By Eric Miller, Staff Reporter
This story appears in the Aug. 19 print edition of Transport Topics.
A trucking industry defense attorney warned that plaintiffs’ attorneys will attempt to get Compliance, Safety, Accountability data into evidence to bolster accident claims that a carrier is unsafe.
“If CSA evidence makes its way into the courtroom, in my opinion, it could very well tip the scales in given cases,” Ted Perryman, a lawyer with the St. Louis law firm of Roberts Perryman, said during an American Trucking Associations webinar earlier this month.
“It occurred to me that at the fingertips of every personal injury lawyer is a list of every violation or citation issued against a motor carrier for the past 24 months,” he said. “This is an amazing depository of information and evidence at your computer.”
CSA alert symbols can denote that a motor carrier is unsafe, violations can reflect negatively on a carrier and low scores can label a carrier as “average,” Perryman said.
Perryman and Jeff Burns, a Kansas City, Mo., plaintiffs’ attorney, are scheduled to give a presentation to the Federal Motor Carrier Safety Administration’s CSA advisory subcommittee next month in Alexandria, Va.
Burns said he probably would not use CSA data in a trial unless a trucking company knew of a safety problem and failed to take steps to correct it.
“I think CSA is part of a bigger picture of whether a company has safe operations or not,” Burns said. “I don’t think that CSA is a be-all or end-all, and I don’t think a company should fear it.”
Other attorneys also have expressed their concern that some judges might allow CSA BASICs scores and other safety measurement system data into evidence in crash lawsuits.
“Plaintiffs’ attorneys know a jury is more likely to return a big verdict against a trucking company if they can paint a picture of a carrier as pushing drivers to exceed hours-of-service limits, ignoring maintenance issues or overlooking dangerous driving behavior,” Minneapolis trucking defense attorneys John Crawford and Benjamin Johnson said in a recent article in a legal journal.
Indeed, a detailed how-to article published in a journal for trial lawyers encouraged attorneys to use the discovery process to obtain CSA information.
“If you are handling a trucking case, make sure you’re following the new regulatory road map,” Morgan Adams, a personal injury lawyer, wrote in the article.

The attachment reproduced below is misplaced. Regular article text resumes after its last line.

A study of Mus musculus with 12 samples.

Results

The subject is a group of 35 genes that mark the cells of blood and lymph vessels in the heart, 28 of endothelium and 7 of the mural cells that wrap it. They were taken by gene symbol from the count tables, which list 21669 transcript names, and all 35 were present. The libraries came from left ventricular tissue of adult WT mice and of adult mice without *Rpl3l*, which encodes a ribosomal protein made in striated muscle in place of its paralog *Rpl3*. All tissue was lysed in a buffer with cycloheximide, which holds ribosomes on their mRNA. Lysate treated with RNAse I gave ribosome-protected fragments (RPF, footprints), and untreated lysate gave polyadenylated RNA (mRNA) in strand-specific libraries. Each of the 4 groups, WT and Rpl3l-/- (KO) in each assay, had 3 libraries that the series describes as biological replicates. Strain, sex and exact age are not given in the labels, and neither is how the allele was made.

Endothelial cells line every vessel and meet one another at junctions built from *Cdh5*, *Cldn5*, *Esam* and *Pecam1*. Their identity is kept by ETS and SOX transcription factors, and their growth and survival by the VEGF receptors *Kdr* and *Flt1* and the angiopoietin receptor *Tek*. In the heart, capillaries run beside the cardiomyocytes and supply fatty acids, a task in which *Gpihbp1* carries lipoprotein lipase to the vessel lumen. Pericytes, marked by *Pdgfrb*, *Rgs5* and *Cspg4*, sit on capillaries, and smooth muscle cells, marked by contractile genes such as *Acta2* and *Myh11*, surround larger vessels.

There have been no appellate rulings yet on the admissibility of CSA evidence, Perryman said.
While rules of evidence often will restrict some CSA evidence from being presented, plaintiffs’ attorneys have managed to get some data into evidence.
For example, CSA evidence was allowed in a 2012 lawsuit litigated in an Arkansas federal court and arising from a series of collisions between an automobile and two tractor-trailers.
In that case, McLane v. Rich Transport Inc., the court determined a plaintiff’s expert witness could testify regarding the defendant’s CSA score and its on-road performance percentiles at the time of the accident.
A year earlier, in Vanduser v. Purdy Brothers Trucking Inc., a judge permitted a plaintiff’s attorney to subpoena CSA data on a driver whose truck was involved in a crash.
Justin Olsen, a Salt Lake City transportation law attorney, said truckers are not the only ones concerned about the introduction of CSA evidence into court proceedings.
“It’s a concern of shippers and brokers,” he told Transport Topics.
Olsen said that shippers and brokers who disregard CSA data in deciding who to hire also can be found negligent in heavy truck accidents.
Rob Moseley, a South Carolina trucking attorney, said CSA’s seven percentile rating categories, or BASICs, are comparative in nature, essentially grading trucking companies on a curve.
“I’ve got real concerns about where we’re headed with that,” Moseley added. “The fact that this stuff is available to the public is going to be troubling for the industry.”